After arriving at Salvador Airport (SSA), the immigration process was a breeze and luckily I got my bag quick and I was out of the door in no time. Taxis are abundant outside the airport but don’t go with anyone asking for a taxi. Check in with the information center and they will assign an “official” taxi to you which is reliable and safe. Taxis usually cost anything between BRL 70 to BRL 90 to Praça da Sé in Pelourinho area (old town). Some taxi drivers were agreeing to BRL 60 as well.
But I decided to go with recommendations from a lot of online forums and walked past the parking garage to the bus stop behind the parking garage. From here you can catch the bus number 1001 “Praça da Sé” that takes about one hour to reach the Pelourinho area. It is not the fastest option, but the cheapest for sure. One way ticket costs BRL 3, payable to the bus driver.
[Bus 1001 outside Salvador Airport]
It was almost 11am when I reached the bus stop, which is at the south end of the main plaza. Walking to the center takes about 10 minutes, and I was informed by the hostel to take the less dangerous road (shown in green below) via Elevador Lacerda instead of the one just following the bus stop (shown in red below). The green route was a bit longer, but I definitely felt safer. Especially looking at the red route to be empty!
[Correct & safe (green) versus incorrect & unsafe (red) roads from bus stop to hostel]
After checking in to Laranjeiras Hostel, I had a quick shower before heading out for lunch. The hostel is in a side street from the main square that has the Comunidade Franciscana da Bahia church. This is a huge square with lots of restaurants, street food and street parties. Weekends bring in artists from all over Salvador entertaining the tourists with their skills or selling souvenirs.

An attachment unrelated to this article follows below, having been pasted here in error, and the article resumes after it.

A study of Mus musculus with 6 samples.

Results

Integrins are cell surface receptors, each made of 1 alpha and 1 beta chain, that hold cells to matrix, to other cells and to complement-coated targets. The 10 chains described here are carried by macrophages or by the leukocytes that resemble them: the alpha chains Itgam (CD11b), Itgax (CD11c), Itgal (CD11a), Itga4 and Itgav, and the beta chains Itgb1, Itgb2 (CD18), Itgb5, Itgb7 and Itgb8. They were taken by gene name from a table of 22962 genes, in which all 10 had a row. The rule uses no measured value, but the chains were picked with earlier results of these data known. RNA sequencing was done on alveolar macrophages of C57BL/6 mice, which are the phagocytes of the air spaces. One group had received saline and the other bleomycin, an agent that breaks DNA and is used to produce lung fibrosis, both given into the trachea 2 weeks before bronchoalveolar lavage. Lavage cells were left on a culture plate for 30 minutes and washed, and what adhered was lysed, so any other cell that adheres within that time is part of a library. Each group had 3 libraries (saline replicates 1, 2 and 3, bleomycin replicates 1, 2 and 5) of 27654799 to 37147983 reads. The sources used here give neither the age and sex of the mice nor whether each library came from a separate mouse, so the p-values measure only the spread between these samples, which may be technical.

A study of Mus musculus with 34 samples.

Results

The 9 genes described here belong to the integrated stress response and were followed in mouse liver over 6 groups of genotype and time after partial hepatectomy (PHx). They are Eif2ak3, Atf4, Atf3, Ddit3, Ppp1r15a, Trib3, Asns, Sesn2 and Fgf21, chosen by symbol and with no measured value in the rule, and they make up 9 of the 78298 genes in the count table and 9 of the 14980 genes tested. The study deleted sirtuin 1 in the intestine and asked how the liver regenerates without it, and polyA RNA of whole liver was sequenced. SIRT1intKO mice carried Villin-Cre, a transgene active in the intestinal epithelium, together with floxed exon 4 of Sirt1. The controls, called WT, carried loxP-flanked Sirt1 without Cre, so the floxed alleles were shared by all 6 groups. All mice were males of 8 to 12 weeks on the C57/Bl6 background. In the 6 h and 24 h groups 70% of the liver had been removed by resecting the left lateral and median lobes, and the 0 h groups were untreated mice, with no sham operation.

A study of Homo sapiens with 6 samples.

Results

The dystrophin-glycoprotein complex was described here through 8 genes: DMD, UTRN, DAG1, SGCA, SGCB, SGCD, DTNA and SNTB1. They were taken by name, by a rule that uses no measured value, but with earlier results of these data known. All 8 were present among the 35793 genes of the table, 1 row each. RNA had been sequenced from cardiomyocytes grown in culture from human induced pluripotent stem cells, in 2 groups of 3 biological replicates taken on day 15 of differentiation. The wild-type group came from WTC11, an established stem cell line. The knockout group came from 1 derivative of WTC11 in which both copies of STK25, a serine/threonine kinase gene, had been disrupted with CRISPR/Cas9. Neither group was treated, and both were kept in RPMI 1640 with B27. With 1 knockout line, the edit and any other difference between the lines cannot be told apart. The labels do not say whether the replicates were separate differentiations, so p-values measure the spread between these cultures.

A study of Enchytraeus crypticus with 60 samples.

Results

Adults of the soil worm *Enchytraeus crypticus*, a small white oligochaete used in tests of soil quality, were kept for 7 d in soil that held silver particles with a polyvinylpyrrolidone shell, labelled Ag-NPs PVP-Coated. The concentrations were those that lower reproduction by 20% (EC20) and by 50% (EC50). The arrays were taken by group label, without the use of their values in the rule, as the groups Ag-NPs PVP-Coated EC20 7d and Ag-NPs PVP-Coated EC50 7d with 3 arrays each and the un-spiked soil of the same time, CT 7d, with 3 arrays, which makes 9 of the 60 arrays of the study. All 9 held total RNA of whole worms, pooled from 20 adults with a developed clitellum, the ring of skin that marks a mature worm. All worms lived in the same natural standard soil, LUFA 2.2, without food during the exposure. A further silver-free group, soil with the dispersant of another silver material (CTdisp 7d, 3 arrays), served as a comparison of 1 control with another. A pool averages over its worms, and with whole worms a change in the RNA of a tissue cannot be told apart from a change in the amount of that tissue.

Walking past the square, I reached Elevador Lacerda – the icon of Salvador that allows residents to easily commute between Pelourinho’s Lower Town (Cidade Baixa) and its Upper Town (Cidade Alta) by some 85 meters (279 ft).
It costs BRL 0.30 one way and is highly recommended to take the elevator to commute rather than walking the curvy street, supposedly where most muggings occur.
The first sight you’ll see in Cidade Baixa is the beach! But before heading there, make sure to visit the Mercado Modelo (Modelo Market) for gifts, souvenirs and produce. Be wary of your wallet and personal belongings while shopping there.
Having spent some time there, I returned to Cidade Alta via Elevador Lacerda to explore Pelo. Just walking around this tiny “old town” is an experience where you’ll find locals and tourists wandering around.
[Comunida de Franciscanada Bahia, with the main square of Salvador lined with restaurants and shops.]
[Old colonial buildings in the main square. This is the most photograped place in Salvador.]
[Just an alleyway in Salvador.]
[A statue of Bahia woman.]
[The old ad the new – walking towards Elevador Lacerda.]
You could find a lot of impromptu bands on the streets playing the typical Afro-Brazilian music. Dance to the tunes with the locals!
After spending the rest of evening around Pelo’s streets, I returned back to hostel, made some friends and we went for dinner at a cafeteria nearby.
Note: All values in USD, unless otherwise mentioned, are approximate and based on the exchange rate of USD 1 = BRL 3.73 at the time of publishing. Each cost is for one adult.
|Bus from Salvador Airport to Praça da Sé||$1.24||BRL 3. One way, one person.|
|Laranjeiras Hostel||$51.47||BRL 192. For two nights, double bedroom, shared bathroom.|
|Souvenirs||$30.56||Fridge Magnets (BRL 14), flag (BRL 100).|
|Lunch on street side||$4.02||BRL 15.|
|Coconut water||$2.14||BRL 8. Twice, BRL 4 each.|
|Elevador Lacerda||$0.16||BRL 0.60. Return.|
|Snacks & water||$2.68||BRL 10.|
|Total Costs||$96.39||Per person|
|Overall Costs||$96.39||Per person|
Planning & Information
Tips, info & everything you need to know.
Arriving in Brazil and sights of Salvador.
Day 2 – NEXT »
Sights of biggest Afro-Brazilian town.